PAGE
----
Many conventionally treated patients with diabetes do not take supplements, and the medical establishment sends a mixed message about their usefulness. For instance, the American Diabetic Association, the most significant organization devoted to diabetic care in America, has a very odd view of supplements.
On the one hand, the organization sponsors a highly respected peer-reviewed diabetes journal called Diabetes Care, and this journal regularly publishes studies on the benefits of supplements, vitamins, minerals, nutraceuticals, and botanicals. But here's a direct quote from the ADA describing their position on using supplements:
"There is no clear evidence of benefit from vitamin or mineral supplements for people with diabetes who do not have underlying vitamin or mineral deficiencies. Nor is there evidence to support the use of cinnamon or other herbs or supplements for the treatment of diabetes."
Contrary to this statement, many studies have shown the positive benefits of taking supplements in diabetic patients. Here's why a patient should receive supplements as part of an effective diabetes protocol:
Antioxidants. Damage to a diabetic body from years of high glucose levels can cause the development of diabetic complications due to pro-oxidative biochemical pathways. Antioxidant supplementation can help your body stop rampant oxidative damage.
Deficiencies. Many people in the West, including diabetic patients, are nutrient deficient. High serum glucose can cause the loss of many nutrients—such as zinc, chromium, and magnesium—from the body through the kidneys, and some medications patients take (for example, metformin and proton pump inhibitors) can cause nutrient deficiencies by reducing absorption from the gut. Also, the unhealthy diet many type 2 diabetes patients have eaten for years may have been deficient in essential fatty acids, vitamin D3, and other nutrients.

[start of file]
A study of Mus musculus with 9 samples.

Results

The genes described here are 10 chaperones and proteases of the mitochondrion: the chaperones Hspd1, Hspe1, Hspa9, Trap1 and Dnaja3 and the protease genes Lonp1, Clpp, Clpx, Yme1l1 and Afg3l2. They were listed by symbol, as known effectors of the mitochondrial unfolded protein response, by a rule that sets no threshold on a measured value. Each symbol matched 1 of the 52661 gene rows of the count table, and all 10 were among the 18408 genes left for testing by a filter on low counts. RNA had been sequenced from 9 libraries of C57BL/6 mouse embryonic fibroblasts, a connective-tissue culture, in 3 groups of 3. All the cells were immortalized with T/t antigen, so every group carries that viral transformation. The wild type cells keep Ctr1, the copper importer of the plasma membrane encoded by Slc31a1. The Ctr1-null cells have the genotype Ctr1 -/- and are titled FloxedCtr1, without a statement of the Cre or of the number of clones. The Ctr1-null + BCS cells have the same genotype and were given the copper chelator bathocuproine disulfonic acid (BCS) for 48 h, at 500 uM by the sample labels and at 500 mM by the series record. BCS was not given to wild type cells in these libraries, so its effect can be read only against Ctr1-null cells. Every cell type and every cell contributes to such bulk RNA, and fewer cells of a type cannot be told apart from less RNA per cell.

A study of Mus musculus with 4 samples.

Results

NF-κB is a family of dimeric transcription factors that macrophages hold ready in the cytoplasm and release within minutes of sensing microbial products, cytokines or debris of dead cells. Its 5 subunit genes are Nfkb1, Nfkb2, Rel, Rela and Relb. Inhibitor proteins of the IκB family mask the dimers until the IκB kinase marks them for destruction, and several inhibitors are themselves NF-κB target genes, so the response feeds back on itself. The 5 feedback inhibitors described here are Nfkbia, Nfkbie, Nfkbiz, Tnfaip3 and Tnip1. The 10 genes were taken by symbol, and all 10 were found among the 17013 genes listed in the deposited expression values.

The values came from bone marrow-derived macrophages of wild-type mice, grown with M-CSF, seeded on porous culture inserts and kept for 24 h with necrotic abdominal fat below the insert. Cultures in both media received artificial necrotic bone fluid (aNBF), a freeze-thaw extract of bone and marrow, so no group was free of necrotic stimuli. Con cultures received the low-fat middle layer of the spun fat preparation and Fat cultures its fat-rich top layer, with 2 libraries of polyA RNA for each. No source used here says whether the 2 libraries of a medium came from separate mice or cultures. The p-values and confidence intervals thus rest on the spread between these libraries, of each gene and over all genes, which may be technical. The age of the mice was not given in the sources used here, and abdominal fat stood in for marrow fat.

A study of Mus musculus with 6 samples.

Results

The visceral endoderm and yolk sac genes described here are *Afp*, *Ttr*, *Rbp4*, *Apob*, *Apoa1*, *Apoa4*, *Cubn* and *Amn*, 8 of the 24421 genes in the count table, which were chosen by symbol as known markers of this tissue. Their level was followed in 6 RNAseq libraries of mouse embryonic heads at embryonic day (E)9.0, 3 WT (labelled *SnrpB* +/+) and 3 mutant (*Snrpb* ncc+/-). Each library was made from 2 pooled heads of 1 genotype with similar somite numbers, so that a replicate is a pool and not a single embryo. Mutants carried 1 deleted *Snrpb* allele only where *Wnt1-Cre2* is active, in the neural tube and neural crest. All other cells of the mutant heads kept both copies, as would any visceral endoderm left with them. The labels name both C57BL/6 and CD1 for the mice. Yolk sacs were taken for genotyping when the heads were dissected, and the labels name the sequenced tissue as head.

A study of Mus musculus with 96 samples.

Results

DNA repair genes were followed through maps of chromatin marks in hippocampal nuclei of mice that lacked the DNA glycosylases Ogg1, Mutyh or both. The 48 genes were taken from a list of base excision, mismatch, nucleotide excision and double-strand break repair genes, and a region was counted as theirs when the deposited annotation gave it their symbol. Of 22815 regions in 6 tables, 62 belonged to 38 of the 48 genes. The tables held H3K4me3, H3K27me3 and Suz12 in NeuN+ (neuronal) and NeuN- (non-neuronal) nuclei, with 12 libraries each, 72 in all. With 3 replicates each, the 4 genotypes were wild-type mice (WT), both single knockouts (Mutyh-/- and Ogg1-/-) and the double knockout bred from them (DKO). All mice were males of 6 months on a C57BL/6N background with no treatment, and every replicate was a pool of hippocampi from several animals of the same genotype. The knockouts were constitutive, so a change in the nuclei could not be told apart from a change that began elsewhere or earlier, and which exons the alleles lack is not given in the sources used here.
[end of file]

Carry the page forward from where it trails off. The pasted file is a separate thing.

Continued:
Improved glucose control. Some supplements have good data showing that they can be beneficial for decreasing insulin resistance at the cellular level, enabling glucose to enter the cell more easily.
Studies have shown that supplements can help lower fasting and after-meal glucose, lower A1C values (the level of hemoglobin proteins on red blood cells covered by glucose, the key monitoring tool for glucose regulation) and lower cholesterol and triglycerides.
Supplements can also help reduce the frequency of hypoglycemic and hyperglycemic events.1-3
Reduced appetite and cravings. Some supplements can be very helpful in reducing cravings for food, especially for carbohydrates.
Improved energy and mood. Nutrients can help elevate energy and mood in several ways. Fluctuating glucose levels all day can cause irritability and other unstable moods, and feeling like a victim of diabetes instead of a victor over it can negatively affect self-esteem.
Nutrients can help increase energy by supplying cells with all they need to work better.
Nutrients such as omega-3 oils and bioavailable folic acid are both associated with helping to reduce depression and anxiety.4,5
If a patient is eating healthier, does not have cravings, has good energy and mood, and has lower glucose levels, he or she will be able to lose weight much more quickly and effectively.
Finland has the highest per capita occurrence of type 1 diabetes in the world. As a result, researchers in Finland, as well as in other countries, have done extensive research focused on which supplements can be used with infants to help reduce the risk of developing type 1 diabetes later in their lives.
Two main nutrients, fish oils, and vitamin D3, have been highlighted in these studies.6,7
Probiotics have also been shown to be helpful for glycemic control.8
A good multivitamin and mineral supplement, vitamins D3, probiotics, niacinamide and omega-3 fatty acids with extra magnesium, zinc, vanadium, and potassium should be part of every diabetic's toolkit.
But some lesser-known supplements can also have a major effect in helping you to master your diabetes.